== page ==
Dueling Fools A Microsoft Duel
Bull Argument

By Paul Larson (TMF Parlay)
October 17, 2001

Want to invest in the premiere company on the planet? Look no further than software giant Microsoft. In Microsoft we have a company with a stellar business model, a cash horde worthy of a King, and some of the most impenetrable sustainable competitive advantages the free market has ever seen.

Let's first talk about the company's business model. As a software company, once the software is developed, the cost to create additional product is minimal, and the revenue it creates drops almost straight to the bottom line. What company wouldn't kill for the 86% gross profit margin Microsoft enjoyed last year?

These sky-high gross margins also make Microsoft one of the most profitable companies ever known. Even after having to write down the value of some of its assets, last year Microsoft was able to convert $0.29 of every dollar in revenue into after-tax profits. I dare you to find a company anywhere near Microsoft's size that even comes close to this type of profitability.

Microsoft has also been an extremely fast-growing company for a firm its size, and the company's record of growth and profitability is second to none (.xls file). After coming public more than 16 years ago, Microsoft has seen top-line growth in each and every year. Since just 1995, revenues have more than quadrupled.

Looking past the one-time, non-cash charges last fiscal year, the company has also grown its bottom line every year as a public company. Even last year's temporarily depressed earnings were more than five times larger than what Microsoft earned in fiscal 1995.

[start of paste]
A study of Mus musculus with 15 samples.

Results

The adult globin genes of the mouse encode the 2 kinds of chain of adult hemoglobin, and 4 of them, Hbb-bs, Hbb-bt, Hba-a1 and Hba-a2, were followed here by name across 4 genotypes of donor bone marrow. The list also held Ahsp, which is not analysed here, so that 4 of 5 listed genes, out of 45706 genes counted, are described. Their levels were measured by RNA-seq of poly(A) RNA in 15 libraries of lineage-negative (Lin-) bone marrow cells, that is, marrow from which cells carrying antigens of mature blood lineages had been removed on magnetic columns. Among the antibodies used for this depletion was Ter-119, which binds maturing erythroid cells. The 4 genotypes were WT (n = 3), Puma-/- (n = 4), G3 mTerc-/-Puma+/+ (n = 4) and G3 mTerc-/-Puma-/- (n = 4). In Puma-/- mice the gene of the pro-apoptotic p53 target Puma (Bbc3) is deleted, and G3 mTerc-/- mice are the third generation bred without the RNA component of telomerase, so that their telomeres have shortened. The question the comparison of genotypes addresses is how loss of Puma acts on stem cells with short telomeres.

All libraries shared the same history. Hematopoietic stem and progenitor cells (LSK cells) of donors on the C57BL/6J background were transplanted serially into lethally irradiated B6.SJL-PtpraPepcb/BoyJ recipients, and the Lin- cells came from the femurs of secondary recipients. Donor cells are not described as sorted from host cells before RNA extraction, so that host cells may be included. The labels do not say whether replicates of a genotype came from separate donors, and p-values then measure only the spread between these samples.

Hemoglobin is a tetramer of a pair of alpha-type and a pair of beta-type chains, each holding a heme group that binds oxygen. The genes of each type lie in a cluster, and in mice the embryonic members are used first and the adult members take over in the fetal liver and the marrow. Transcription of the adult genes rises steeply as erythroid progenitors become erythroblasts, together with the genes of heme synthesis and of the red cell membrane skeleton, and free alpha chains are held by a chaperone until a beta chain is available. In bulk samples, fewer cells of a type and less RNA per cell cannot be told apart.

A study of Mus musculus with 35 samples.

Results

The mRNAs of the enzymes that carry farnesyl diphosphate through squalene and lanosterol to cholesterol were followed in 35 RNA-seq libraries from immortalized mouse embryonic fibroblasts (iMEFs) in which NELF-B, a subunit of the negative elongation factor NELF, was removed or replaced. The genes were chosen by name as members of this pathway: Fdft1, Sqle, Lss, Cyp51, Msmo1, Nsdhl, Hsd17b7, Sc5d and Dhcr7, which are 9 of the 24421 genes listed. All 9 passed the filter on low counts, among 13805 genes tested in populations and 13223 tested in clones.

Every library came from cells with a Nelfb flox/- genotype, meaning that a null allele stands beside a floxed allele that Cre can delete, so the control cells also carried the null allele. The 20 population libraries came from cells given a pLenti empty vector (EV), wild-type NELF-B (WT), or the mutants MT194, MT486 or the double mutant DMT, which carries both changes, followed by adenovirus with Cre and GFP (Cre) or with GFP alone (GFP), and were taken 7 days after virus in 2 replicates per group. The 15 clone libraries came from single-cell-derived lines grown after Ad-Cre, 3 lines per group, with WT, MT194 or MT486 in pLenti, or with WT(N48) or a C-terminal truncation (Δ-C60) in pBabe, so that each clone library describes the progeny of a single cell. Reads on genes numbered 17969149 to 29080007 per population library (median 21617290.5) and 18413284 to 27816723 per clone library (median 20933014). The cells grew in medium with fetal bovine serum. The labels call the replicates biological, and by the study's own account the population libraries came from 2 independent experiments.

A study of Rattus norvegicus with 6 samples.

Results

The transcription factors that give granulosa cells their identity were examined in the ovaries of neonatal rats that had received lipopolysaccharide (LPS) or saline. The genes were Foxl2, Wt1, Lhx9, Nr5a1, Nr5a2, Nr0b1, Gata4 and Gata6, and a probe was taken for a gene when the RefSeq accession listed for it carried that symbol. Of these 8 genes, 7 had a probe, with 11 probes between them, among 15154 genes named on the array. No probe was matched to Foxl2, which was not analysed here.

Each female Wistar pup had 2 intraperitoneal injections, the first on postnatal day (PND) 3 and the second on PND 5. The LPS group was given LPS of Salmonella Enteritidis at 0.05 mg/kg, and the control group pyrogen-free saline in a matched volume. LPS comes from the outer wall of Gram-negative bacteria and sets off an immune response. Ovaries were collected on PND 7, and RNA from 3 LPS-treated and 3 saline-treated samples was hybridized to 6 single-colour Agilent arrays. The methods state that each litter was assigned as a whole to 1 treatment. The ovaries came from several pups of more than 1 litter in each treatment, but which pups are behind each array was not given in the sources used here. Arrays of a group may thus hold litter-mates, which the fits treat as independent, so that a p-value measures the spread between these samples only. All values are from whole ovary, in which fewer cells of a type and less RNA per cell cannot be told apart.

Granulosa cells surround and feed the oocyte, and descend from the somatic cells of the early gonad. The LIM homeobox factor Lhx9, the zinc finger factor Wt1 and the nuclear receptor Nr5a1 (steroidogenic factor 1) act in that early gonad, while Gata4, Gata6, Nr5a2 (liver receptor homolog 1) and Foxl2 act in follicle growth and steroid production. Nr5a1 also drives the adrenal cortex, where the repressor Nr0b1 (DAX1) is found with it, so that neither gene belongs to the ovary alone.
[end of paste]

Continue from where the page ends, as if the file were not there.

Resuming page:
The reason for the stellar growth and profitability? When you look up "ubiquity" in the dictionary, there is a picture of Bill Gates smiling back at you. The vast majority of the computers on the planet run on Microsoft Windows, and the company has been able to parlay its lead in operating systems to numerous other markets. Chances are you use Microsoft Word to create your documents, Microsoft Excel for your spreadsheet needs, Internet Explorer to surf the Web, and Outlook to check your email.

Yes, Microsoft has an essential monopoly in the sweet spot of the computer industry. In fact, it has several monopolies. This is because the free market, for better or worse, much prefers to use single proprietary standards instead of a mish-mash of incompatible products. Microsoft just happens to be the beneficiary of this effect.

This gives Microsoft a huge and sustainable competitive advantage in the markets it serves. Competitive advantages lead to excess returns, which is what Microsoft has to look forward to for the foreseeable future.

Thanks to the company's past success, Microsoft has amassed a war chest in excess of some $45 billion worth of cash and investments. Debt? Forget about it. This gives Microsoft some very deep pockets to further extend its lead at a time when other companies are available at sale prices. All that cash (including long-term investments), roughly $8.21 per share and growing, also provides a nice floor under the stock.

The only real threat to Microsoft today is its continuing anti-trust headache, but even that potential liability has been greatly diffused. The threat of a breakup has been taken off the table, and the powers that be are pressing for a settlement. A major risk to the company has been reduced to a minor and transient hurdle that will not alter Microsoft's dominant positioning and killer business model.

Investors buying Microsoft today are getting the shares at the same price they traded at back in 1998. The company is expected to earn $1.88 per share next year, which at this writing puts the shares at about 30-times forward projections, which is at the lower end of its historical valuation range.

Microsoft's stock ain't cheap, but this ain't just any company supporting the stock. Quite simply, Microsoft is the most powerful cash flow generating engine the world has ever seen, and owning a share of it has been and will continue to be a pleasant and profitable experience for shareholders. 

Paul Larson owns a PC running Microsoft Windows, researched the company using Internet Explorer, wrote this piece using Microsoft Word, and sent it to his editors using Microsoft Outlook. He also owns a stake in Microsoft. You can see what else he owns online thanks to The Motley Fool's progressive disclosure policy.